The Kesher Garden at the Stroum Jewish Community Center is taking on a life of its own. Walking around the garden during the dismal first couple months of summer, one would wonder if the flowers and vegetables are in full bloom. They do appear to be in full bloom, looking beautiful as ever. Maybe this is because the gardeners are putting so much love and effort into their gardening skills. There are some obstacles to overcome, e.g. the learning area is having a water drainage issue. They are working on solving the water drainage issue and pushing the platform base ahead of their schedule so that the learning area can be utilized. Of course, the lack of heat and sunshine is not helping such garden plants as tomatoes and corn. But having walked around the garden on a sunny day, I assure you that the garden gets plenty of light.
There are plenty of exciting happenings going on for this learning garden. Yoel Lessing saw an article about the garden and contacted the SJCC about donating a bee hive to the garden. He, of course, would maintain this hive. He would also teach about bee hives. Unfortunately, it is too late to harvest the bee honey this year, since the honey harvesting season coincides with Rosh Hashanah. Hopefully next fall there will be a bee hive. The plan is to have a sukkot built in the garden for the ECS students to learn and see a sukkot right in their own garden. The lecture series is also coming together with the garden. With outdoor adventurists working to combine gardening and education, the next month should bring educational lectures for the garden enthusiasts.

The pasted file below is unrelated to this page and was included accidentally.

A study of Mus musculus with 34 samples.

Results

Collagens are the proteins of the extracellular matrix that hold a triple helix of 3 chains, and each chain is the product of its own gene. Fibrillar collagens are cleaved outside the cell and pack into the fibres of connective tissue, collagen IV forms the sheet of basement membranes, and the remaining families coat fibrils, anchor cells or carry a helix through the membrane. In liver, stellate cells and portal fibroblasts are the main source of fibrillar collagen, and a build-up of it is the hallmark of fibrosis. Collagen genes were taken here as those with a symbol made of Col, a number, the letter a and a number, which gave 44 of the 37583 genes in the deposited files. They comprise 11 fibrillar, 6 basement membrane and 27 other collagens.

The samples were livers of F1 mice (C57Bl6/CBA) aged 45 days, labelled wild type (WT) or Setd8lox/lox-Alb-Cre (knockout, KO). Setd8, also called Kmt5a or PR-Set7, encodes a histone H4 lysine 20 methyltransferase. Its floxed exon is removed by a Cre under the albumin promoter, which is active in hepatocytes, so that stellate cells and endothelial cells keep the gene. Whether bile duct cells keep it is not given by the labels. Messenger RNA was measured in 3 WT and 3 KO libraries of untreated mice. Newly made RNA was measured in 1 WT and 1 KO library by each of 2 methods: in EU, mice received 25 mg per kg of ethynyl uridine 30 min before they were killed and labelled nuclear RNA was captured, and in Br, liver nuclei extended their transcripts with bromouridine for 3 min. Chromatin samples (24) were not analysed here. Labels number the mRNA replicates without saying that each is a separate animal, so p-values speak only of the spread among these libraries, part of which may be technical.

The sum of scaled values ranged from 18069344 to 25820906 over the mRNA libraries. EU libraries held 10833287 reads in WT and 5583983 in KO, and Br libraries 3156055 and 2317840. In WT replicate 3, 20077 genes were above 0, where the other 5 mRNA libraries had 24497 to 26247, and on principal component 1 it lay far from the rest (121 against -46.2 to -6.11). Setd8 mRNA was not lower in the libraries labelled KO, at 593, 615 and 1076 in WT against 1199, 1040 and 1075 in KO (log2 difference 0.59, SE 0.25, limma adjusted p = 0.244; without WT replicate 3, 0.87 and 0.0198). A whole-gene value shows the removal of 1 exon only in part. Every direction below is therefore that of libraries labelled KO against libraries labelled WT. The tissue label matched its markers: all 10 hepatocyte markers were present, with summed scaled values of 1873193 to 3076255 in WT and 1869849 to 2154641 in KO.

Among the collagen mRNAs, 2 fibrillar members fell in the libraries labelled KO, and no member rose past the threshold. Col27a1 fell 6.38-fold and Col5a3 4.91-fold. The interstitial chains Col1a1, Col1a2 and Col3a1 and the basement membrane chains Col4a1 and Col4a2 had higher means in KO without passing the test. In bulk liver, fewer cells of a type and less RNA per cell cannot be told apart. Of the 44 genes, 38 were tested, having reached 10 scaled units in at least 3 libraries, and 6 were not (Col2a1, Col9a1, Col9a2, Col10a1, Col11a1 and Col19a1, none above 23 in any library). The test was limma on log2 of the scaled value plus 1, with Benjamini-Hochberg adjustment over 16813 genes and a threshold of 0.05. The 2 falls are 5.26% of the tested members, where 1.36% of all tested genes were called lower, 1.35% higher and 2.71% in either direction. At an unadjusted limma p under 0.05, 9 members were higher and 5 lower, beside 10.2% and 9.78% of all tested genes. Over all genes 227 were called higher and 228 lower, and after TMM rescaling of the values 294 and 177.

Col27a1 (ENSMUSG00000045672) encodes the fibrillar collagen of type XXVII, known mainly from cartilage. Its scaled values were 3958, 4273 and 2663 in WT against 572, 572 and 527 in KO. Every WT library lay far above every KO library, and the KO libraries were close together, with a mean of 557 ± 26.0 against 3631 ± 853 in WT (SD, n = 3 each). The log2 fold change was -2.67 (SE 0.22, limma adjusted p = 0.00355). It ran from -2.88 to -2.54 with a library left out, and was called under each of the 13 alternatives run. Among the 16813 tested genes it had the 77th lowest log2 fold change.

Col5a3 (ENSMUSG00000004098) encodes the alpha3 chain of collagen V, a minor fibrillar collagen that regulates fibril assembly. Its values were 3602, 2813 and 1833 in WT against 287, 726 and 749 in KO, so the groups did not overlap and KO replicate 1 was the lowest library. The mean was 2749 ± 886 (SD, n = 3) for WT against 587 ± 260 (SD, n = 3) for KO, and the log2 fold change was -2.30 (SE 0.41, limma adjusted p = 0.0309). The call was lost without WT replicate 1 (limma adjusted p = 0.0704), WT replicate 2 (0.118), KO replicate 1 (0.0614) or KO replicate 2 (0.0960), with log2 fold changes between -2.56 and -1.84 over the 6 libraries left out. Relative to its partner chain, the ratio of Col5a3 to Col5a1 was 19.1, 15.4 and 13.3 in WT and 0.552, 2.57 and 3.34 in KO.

There is still a wait list to get a garden spot. But do not despair; there are plenty of volunteer opportunities available. The new area for sustainable farming is still left bare. It is not from lack of interest, but because the funds are short. The Kesher Committee is working on finding grants to apply for to help finance the rest of this garden project. If you are interested in donating time, knowledge or funds, please visit the SJCC Web site, click on Kesher garden and follow the links to the donation site. The Web site address is: www.SJCC.org.
Massaged kale salad
Recipe by: Aarti Sequeira, adjusted by Lisa Katsman
1 bunch kale (I tried this with different kales; black kale* works the best), stalks and stems removed and discarded.
Cut kale leaves match stick thin (like very thin spaghetti noodles)
1 lemon (juiced)
¼ cup extra virgin olive oil, plus extra for drizzling
2 teaspoons honey (I added more)
Fresh ground black pepper (to taste)
1 mango, diced small (about 1 cup)
Add a handful of fresh raspberries (optional)
Small handful of toasted pepitas (pumpkin seeds), about two rounded tablespoons
In a large serving bowl, add the kale, half the lemon juice, a small drizzle of oil (watch your drizzle, make it small) and a little kosher salt. Massage kale with your hands. This is a great way to get your kids to help and let them massage the kale. They might just eat their creation. Massage until the Kale begins to wilt (it will resemble wilted spinach), about 2 to 3 minutes.
Set aside to prepare your dressing. In a small bowl, whisk remaining lemon juice with the honey and fresh ground pepper. Stream in ¼ cup of oil while whisking until dressing forms. I adjusted the honey (I added more), and used less oil. I also combined the ingredients for the dressing with an electric hand mixer. Pour dressing over kale; add mango and/or raspberries and pepitas. Toss and serve.
*Black kale can be found at the farmers Market or your local grocer.